We are being bombarded with so much breaking news so fast that sometimes you can’t fully understand in the moment what any of it really means.

So step back a few days with me — about an eternity in today’s news cycles — and take a fresh look at what happened when House Speaker Nancy Pelosi was confronted with the word “hate.” In the immediate news cycle, this was covered as a smackdown of the reporter who asked her if she “hates” the president. As time passes I’m beginning to think something bigger was happening here and if we can see beyond “winners” and “losers” there is a lesson that could help all of us navigate our toxic public dialogue.

To get the full meaning of that moment, try to do something so difficult these days: Try to get outside our tribes and not see this as Trump vs. Pelosi.

A political leader (insert your tribal chief here) who is usually tightly scripted delivers prepared remarks and walks away, until a reporter triggers her by asking if she “hates” her political rival.

As she walks back to the podium she faces the challenge most all of us face in these days when the world’s temperament seems even more unstable than its temperatures. She faces the same challenge so many of us do when an in-law/co-worker/stranger/Twitter troll gets in our face and punches our hot button. Do you come back hard or ignore it? Fight or flight? Conciliate or annihilate?

In Pelosi’s case she chose to put on a master class in compartmentalization, drawing bright lines between politics, duty and faith. Starting by pulling no punches, she called the president a coward on gun violence, cruel on immigration and in denial about the climate crisis. Then she built a wall between these political stands and how she sees her duty to the Constitution with impeachment. Then came the kicker: She said she prays for the very person she just eviscerated.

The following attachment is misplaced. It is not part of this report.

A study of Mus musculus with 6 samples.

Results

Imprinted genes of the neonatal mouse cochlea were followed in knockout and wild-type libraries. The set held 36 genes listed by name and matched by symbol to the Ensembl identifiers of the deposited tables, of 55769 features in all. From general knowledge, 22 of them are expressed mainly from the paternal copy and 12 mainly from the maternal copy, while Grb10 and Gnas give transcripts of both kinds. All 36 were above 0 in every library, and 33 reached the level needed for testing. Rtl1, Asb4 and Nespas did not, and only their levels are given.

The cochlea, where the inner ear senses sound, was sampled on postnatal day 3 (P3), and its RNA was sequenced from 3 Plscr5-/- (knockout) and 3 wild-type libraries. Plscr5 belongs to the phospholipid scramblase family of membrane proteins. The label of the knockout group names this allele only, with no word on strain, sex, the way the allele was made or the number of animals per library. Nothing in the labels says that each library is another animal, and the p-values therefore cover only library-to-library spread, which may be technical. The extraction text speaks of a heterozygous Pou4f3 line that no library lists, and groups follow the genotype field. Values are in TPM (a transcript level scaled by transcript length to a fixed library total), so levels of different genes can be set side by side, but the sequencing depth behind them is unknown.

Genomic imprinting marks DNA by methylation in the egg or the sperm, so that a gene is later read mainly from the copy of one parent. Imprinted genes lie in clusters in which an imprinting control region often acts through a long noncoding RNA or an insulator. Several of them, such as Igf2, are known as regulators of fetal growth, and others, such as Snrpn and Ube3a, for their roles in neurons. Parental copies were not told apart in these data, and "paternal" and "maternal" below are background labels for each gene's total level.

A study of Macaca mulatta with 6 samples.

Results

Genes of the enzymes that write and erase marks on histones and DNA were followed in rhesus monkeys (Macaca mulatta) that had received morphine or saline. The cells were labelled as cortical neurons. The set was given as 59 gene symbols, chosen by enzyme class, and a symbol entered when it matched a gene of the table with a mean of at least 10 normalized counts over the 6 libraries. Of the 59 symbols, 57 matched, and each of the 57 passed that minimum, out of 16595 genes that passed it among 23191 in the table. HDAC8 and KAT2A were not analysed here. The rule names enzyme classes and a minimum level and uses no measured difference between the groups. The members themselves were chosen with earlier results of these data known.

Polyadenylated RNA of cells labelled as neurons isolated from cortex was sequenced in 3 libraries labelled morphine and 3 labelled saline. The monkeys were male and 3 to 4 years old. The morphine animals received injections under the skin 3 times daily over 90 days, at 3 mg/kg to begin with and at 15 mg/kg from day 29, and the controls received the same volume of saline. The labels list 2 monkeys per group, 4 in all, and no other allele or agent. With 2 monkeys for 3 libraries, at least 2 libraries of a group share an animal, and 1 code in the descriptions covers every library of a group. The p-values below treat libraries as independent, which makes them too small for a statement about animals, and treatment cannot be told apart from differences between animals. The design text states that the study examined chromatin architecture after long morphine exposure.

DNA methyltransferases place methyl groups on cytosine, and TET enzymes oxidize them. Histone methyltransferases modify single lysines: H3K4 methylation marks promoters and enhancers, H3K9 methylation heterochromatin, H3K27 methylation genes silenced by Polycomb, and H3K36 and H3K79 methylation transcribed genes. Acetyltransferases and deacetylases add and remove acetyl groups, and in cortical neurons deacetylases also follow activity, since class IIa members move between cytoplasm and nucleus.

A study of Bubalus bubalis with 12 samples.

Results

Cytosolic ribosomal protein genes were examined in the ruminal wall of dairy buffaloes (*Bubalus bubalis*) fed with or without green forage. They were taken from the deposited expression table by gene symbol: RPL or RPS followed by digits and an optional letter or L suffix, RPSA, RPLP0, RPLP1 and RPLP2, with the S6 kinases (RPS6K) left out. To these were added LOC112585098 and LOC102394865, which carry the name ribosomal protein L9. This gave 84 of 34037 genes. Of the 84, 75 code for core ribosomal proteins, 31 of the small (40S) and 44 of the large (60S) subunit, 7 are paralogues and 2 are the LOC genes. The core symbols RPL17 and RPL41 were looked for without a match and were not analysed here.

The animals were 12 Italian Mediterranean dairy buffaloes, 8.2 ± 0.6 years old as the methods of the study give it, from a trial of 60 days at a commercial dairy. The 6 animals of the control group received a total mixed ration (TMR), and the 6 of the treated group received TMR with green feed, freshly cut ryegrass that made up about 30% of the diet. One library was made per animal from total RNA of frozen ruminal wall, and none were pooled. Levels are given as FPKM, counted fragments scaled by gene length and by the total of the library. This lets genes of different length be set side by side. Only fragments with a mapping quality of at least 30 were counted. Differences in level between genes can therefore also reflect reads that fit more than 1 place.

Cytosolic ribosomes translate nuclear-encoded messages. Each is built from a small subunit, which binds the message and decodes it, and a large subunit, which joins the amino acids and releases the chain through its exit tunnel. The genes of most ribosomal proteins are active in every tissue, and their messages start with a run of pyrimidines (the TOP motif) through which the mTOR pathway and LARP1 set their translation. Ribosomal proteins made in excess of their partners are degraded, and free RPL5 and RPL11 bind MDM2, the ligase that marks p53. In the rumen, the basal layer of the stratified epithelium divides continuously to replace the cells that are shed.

Really? Can anyone actually believe she could go from splay to pray in 60 seconds? Well, I absolutely do. In fact, compartmentalization may be the only way we don’t fall through the gaping fissures of today’s ideological battles.

It would be so very simple if all we had to do was try to just be polite to each other, to walk back to that microphone — or smile at bombastic cousin Bobby — and say, in our best Minnesota Nice: “Well, that’s different. Thanks for sharing.”

Get real. The issues we are navigating right now can’t be swept under the rug. In fact, so much of what divides us — race, gender, climate and much more — has gotten worse because we spent so many years avoiding the honest conversations we needed to have for so long.

Walling off our heads from our hearts — our political views from the way we see the human beings spouting them — is not easy, and it shouldn’t be. If I think we need urgent action to save the planet but you think my solution will jeopardize your job, we can’t expect a simple, calm conversation — any more than if you think I’m trying to overturn an election when I think you are letting the president commit treason. Anyone else learn that lesson over the Thanksgiving table?

Facing what we face, no one should be expected to witness what they see as deeply wrong and passively “turn the other cheek,” but it is both possible, and so very necessary right now, to “hate the sin and love the sinner.”

If, in the end, you can’t see into the other person’s heart, think about your own. When I was finishing my last term as mayor, while I was also in the middle of some pretty toxic experiences in national politics, I came to the conclusion that years of heated battles were turning me into someone I didn’t want to be. The only way I could find to clear away that corrosive patina of, yes, hate clogging my own heart was to make a list of people I considered a “permanent enemy” and resolve to somehow make it right with each one before I die. A few years later I’m still muddling through that list, and it’s a whole lot harder than I originally thought, but each time I believe I see at least one small glimmer of light into one of their hearts, something grows in mine.

So much of my time these days is spent in near-desperate mourning for the parts of the country I love quickly slipping away. It’s possible you see that too, but maybe for exactly the opposite reasons. Sometimes I can’t imagine what you’re thinking, and I bet you wonder the same about me. We can, however, try to understand how each of us feels. If both of us can remember the saying “when your heart speaks, take good notes,” maybe our humanity can lead our politics from the brink.


R.T. Rybak is CEO/president of the Minneapolis Foundation and author of “Pothole Confidential: My Life as Mayor of Minneapolis.”